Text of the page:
North West England (Lancashire and Cheshire)

South East Lancashire and East Cheshire, with their large parishes, dispersed settlements and residual Puritanism, were fertile fields for the early Methodist preachers, notably John Bennet who was active here in the 1740s. Following his break with John Wesley in 1751, a WM circuit based on Manchester was created. This embraced the two counties and beyond and was progressively subdivided. The industrial revolution gave Methodism great opportunities as the population grew. Chapels were opened in Manchester and Liverpool in 1751, but West Lancashire, with its ancestral Catholicism, poor communications and lack of industry, remained something of a Methodist backwater for many years.

From the 1750s John Wesley paid annual visits, usually travelling north from the Potteries. Oldham Street Chapel, Manchester, opened in 1781, rivalled Wesley's Chapel, London in size and opulence; but Methodism was also successful in rural Cheshire and the growing mill towns. In the nineteenth century all branches of Methodism were active there, but WM was dominant except in Rochdale, a stronghold of the WMA, and Ashton-under-Lyne, where the MNC was largest. PM was strong in rural Cheshire and mining areas. Manchester was the centre of the WMA agitation in 1834 and the scene of the expulsion of William Griffith, James Everett and Samuel Dunn at the Conference of 1849. Warrington was the cradle of Independent Methodism in 1796 and industrial Lancashire has remained an IM heartland.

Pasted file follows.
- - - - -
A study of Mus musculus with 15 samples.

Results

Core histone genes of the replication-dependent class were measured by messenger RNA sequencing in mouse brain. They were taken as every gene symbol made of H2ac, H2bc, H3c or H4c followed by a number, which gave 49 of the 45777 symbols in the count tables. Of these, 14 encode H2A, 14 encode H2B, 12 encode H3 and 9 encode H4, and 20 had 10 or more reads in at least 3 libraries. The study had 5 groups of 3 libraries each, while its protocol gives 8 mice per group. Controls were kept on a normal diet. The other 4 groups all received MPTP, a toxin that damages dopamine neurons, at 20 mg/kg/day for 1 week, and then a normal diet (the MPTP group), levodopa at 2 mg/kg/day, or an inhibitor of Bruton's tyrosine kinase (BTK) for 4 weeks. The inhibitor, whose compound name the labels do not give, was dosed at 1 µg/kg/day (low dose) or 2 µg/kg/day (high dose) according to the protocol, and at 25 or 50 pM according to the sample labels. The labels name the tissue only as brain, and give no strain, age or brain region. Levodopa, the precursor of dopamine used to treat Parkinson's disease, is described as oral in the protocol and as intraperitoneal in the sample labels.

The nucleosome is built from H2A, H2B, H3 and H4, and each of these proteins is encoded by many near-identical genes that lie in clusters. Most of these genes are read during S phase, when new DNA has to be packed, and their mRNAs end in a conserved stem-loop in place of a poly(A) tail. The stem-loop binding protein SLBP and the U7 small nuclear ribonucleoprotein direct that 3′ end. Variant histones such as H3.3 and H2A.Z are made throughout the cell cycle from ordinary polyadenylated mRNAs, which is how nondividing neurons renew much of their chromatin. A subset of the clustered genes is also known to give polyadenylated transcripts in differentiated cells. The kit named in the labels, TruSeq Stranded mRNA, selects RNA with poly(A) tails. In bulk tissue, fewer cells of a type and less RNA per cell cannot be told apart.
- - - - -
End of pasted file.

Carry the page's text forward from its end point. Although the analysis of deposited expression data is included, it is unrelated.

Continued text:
Didsbury College was established in Manchester in 1842, followed by Victoria Park UMFC College in 1872 and the PM (later Hartley) College in 1881. In 1883-86 Oldham Street chapel was replaced by Methodism's first purpose-built Central Hall. This was the nucleus of the Manchester and Salford Mission which flourished under Samuel Collier and claimed the largest regular Methodist congregation in the world at the Free Trade Hall. Prior to this the first Central Mission had been established in Liverpool, but not in special premises. After 1850 Blackpool and Southport became strong centres.

In 1851 the Religious Census recorded 932 Methodist places of worship in the two counties (including WM 496, PM 238 and WMA 133). By 1989 there were 807 churches serving a much larger population. Total attendances recorded in 1851 were 266,628 (10.7% of the population; significantly higher in Cheshire than in Lancashire). In 1989 adult worshippers averaged 1.3% of the population, again higher in Cheshire than in the conurbations.